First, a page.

Although 8th May 1945 marked the end of hostilities in Europe, the conflict in the Far East was not over. Thousands of Allied Forces continued to fight in Asia and the Pacific, while many languished in Japanese Prisoner of War camps.
This included soldiers from the 2nd Battalion, The Black Watch who had been in Burma since March 1944. The Japanese invasion of Burma in 1941 posed a deadly threat to the British India where the 2nd Battalion arrived just as new tactics were being developed. In late 1943, the Battalion became part of the Chindits, men trained in jungle warfare, operating behind enemy lines and attacking Japanese supply routes.
Now deep into Burma, the men relied on aircraft to replenish their limited supplies and spent the next few months attacking Japanese forces in order to divert them from the frontline. In this intensely humid jungle setting, the soldiers lived off American K rations, which came in waxed paper, itself useful for starting fires in the wet jungle. Although highly calorific, if these rations were not supplemented with ordinary food the men suffered from diarrhoea and dysentery, which needed to be hidden underground in order to protect their position. This was also the case with cigarette butts which they pressed into the ground vertically to hide them.
Private Cochrane recounted that ‘all the mules had their vocal cords cut…so that they couldn’t make any noise, it was a terrible thing to do to the animals, but what was the alternative?’
Approximately 800 Black Watch soldiers went into the jungle in March 1944. When they were withdrawn, only 5 months later in August 1944, only two officers and 48 men were judged fit for duty. Many of the men were only able to eat soup, their stomachs having shrunk to such an extreme. Cochrane recalled that on arrival in Assam, their recuperation began with ‘blanket’ treatment ‘to acclimatise us back to eating usual rations, so we were given lots of chicken soup’.
Following the withdrawal of the Battalion that August, they were reinforced and were scheduled to take part in the planned invasion of Malaya in 1945. The dropping of the atomic bombs on Hiroshima and Nagasaki on the 6th and 9th August respectively, following an ignored ultimatum from the Allied forces demanding Japan’s unconditional surrender on 26th July, brought the war to a sudden end. On the 15th August 1945, US President Harry S. Truman announced that the Japanese Government had agreed to surrender and calling it ‘Victory over Japan Day’. A two-day holiday was announced in the US, the UK and Australia and King George VI addressed the nation and the Empire from Buckingham Palace.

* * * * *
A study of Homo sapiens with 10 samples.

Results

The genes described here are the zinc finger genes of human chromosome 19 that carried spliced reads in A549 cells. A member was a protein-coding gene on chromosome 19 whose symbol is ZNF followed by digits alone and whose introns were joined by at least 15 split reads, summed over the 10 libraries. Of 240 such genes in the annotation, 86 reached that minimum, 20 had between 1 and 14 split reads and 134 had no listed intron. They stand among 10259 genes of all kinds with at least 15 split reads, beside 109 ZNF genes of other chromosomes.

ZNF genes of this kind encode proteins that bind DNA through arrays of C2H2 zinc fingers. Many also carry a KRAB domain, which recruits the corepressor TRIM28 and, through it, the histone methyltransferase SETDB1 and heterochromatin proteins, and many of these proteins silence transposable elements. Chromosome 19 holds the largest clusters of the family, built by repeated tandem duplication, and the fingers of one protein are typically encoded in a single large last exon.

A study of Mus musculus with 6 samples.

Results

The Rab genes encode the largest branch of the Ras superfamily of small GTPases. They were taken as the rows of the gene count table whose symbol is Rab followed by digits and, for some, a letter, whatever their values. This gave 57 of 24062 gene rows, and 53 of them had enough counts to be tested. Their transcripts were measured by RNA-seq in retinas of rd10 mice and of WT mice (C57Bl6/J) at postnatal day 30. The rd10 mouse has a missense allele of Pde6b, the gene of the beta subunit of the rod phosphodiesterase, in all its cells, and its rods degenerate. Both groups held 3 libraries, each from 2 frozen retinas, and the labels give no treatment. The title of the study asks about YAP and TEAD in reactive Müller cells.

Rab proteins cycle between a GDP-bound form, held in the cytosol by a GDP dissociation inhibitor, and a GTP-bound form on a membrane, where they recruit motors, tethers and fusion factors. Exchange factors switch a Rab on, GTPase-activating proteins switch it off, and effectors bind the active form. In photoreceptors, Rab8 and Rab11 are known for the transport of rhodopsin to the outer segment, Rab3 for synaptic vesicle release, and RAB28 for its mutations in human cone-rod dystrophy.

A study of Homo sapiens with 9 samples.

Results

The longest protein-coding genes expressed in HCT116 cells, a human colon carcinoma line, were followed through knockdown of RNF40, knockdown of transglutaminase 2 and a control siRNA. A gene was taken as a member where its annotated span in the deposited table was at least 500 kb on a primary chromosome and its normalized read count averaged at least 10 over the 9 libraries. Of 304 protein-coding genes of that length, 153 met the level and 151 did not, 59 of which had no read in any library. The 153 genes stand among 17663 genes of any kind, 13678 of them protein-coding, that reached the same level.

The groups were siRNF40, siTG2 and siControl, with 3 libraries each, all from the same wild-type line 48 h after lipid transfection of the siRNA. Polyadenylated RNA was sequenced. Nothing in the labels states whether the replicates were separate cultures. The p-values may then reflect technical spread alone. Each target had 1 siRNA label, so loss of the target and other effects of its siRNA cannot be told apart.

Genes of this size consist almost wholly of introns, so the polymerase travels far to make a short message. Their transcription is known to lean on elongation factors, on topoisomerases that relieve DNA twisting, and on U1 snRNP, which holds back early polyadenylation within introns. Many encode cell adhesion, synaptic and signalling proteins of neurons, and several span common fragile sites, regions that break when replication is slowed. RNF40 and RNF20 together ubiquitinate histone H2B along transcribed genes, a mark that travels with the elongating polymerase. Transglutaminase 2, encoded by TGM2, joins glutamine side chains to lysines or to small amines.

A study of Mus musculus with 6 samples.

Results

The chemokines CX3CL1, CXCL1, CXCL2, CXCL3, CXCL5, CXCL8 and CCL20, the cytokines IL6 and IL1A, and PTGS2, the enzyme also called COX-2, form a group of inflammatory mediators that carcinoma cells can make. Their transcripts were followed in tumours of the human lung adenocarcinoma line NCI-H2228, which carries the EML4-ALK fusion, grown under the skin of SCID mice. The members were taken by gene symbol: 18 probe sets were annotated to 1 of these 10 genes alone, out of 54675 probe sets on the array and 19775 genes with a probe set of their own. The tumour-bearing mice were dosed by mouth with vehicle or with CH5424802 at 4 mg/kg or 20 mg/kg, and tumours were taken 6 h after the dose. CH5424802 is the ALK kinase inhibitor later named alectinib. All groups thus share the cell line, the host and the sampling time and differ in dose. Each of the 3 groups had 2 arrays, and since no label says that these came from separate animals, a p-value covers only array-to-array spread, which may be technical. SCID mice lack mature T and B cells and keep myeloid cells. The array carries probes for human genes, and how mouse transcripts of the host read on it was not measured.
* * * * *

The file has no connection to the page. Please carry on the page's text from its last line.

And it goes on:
The Battalion war diary describes how the men celebrated:
‘Victory Day. To celebrate victory Wednesday and Thursday were announced as holidays. The Battalion celebrated by having a fun fair with elephant rides and pony racing and all sorts of side shows. Every man in the Battalion was issued with three bottles of beer. One half of the Battalion spent the evening at the Battalion concert which proved a great success while the other half held a sing-song.’
‘Battalion still celebrating, everyone in high spirits. Another issue of two bottles of beer per man.’
Throughout the world, celebrations marked the end of 6 years of conflict, and as on VE Day there were street parties, bonfires and fireworks. Following the signing of the peace treaty by the Japanese administration on 2nd September, the Allied forces stationed in western Europe paraded through Berlin. For the men still in Asia the wait was now on to get home.
Private Graves wrote, ‘… we settled down to our duties and in the afternoons education classes were started. Every day now the chaps who had been abroad a few years were going home and with the war over some were now on demobilisation… At the time of writing now we are getting into peace time routine every day. Plenty of spit, polish, drill parades and ceremonial guards.’
The end of the war in the Far East is often overshadowed by the surrender of Nazi Germany in May of that year. The memories and experiences of those soldiers who served there have not been forgotten and we continue to remember their sacrifices today.